We’re told that being ‘green’ can help fleets save money, so it follows that choosing the greenest vehicles should result in reduced running costs.
But this is based on the assumption that all fleet costs are mainly dependent on the cost of fuel.
Rising pump prices have seen fuel become an increasingly large component of fleet costs, but in most cases it will remain secondary to depreciation.
However, it is a fact that the lower a vehicle’s CO2 emissions, the less fuel is being burned.
But simply looking for the lowest CO2 in a vehicle’s range could result in higher overall costs, as these vehicles sometimes include extra technology to achieve their impressive emissions and official fuel consumption figures.
Getting your sums right is crucial, not only because of the impact on the vehicle’s running cost calculation, but also on the driver’s tax liability and employer’s Class 1A National Insurance contributions.
For example, Ford’s low CO2 version of the Fiesta, the Econetic, is offered only on the 1.6-litre diesel engine.
Although its CO2 emissions of 87g/km rank substantially lower than the 1.4-litre’s 104g/km, the Econetic is priced at the top end of the Fiesta range and has 25bhp more than the 1.4-litre model.
CO2 emissions in benefit-in-kind tax in the current financial year start at 95g/km for the lowest emitting conventional cars.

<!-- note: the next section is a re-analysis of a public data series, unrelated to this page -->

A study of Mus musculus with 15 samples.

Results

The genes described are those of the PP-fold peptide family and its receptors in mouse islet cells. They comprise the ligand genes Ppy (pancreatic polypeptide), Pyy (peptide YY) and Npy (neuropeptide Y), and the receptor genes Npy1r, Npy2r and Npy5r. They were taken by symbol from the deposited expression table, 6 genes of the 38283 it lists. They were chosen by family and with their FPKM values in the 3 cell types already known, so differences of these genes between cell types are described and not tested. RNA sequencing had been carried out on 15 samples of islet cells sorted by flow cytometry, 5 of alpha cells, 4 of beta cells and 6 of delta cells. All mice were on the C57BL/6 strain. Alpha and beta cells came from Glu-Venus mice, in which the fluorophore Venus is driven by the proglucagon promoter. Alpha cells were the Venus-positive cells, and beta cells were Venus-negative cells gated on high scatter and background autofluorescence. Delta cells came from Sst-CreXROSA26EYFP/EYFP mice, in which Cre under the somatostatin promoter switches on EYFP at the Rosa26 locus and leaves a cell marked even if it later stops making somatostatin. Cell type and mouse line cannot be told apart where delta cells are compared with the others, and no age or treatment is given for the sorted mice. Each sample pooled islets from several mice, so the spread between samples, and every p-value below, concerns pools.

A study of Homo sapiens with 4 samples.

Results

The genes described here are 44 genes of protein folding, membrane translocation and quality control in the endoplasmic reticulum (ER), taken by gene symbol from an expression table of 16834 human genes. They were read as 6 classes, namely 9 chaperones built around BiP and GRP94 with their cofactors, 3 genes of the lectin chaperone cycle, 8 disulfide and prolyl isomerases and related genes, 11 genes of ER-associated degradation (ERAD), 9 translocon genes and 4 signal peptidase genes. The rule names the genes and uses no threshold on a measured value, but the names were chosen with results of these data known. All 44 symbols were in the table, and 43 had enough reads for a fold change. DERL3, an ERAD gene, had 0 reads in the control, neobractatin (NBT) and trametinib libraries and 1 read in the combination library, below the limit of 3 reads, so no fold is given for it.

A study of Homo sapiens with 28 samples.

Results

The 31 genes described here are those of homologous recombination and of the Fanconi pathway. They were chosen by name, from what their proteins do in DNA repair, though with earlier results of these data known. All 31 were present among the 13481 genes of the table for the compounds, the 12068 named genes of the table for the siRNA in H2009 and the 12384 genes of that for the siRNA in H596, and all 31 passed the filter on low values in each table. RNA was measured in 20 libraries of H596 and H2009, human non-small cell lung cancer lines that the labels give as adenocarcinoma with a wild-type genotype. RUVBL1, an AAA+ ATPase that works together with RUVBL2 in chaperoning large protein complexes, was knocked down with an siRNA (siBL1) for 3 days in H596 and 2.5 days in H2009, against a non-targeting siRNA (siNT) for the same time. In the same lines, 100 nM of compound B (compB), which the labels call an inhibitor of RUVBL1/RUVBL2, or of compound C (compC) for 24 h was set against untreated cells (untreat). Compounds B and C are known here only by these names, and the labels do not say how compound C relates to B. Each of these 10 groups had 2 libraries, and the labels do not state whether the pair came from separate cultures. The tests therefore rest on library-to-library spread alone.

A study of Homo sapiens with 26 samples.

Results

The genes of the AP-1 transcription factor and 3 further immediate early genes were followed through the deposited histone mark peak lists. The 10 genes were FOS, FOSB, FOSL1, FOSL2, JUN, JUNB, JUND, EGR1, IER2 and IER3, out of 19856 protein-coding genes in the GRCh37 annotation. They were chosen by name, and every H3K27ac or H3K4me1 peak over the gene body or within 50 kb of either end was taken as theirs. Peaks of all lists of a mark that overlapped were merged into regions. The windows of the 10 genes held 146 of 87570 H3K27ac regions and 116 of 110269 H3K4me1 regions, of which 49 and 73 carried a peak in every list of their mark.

It means the 87g/km Ford Fiesta Econetic falls into the 13% BIK tax bracket, including the 3% diesel surcharge.
The 1.4 TDCi with CO2 emissions of 104g/km is only one BIK tax band higher (14%).
Combine this with the £1,300 P11D price premium of the Econetic, and the 1.4 TDCi works out less expensive in every area apart from fuel costs.
Technology can add cost
Sometimes vehicles that are almost identical with the exception of the extra technology to minimise CO2 emissions and fuel consumption can illustrate that choosing the ‘greenest’ example isn’t always the most cost effective.
For example, the Peugeot 508 with the lowest CO2 emissions is the 1.6 e-HDi which achieves 109g/km and 67.1mpg.
It carries a P11D price premium of £800 over the standard 1.6 HDi, and in the example looking at the SR grade, the standard car works out less expensive for depreciation, offsetting its higher fuel cost.
On the other hand, the fleet operator providing the car could lose out over the lifecycle of the vehicle from a slightly higher Class 1A National Insurance contributions and higher Vehicle Excise Duty, while the driver of the standard car would also face a slightly higher BIK tax bill.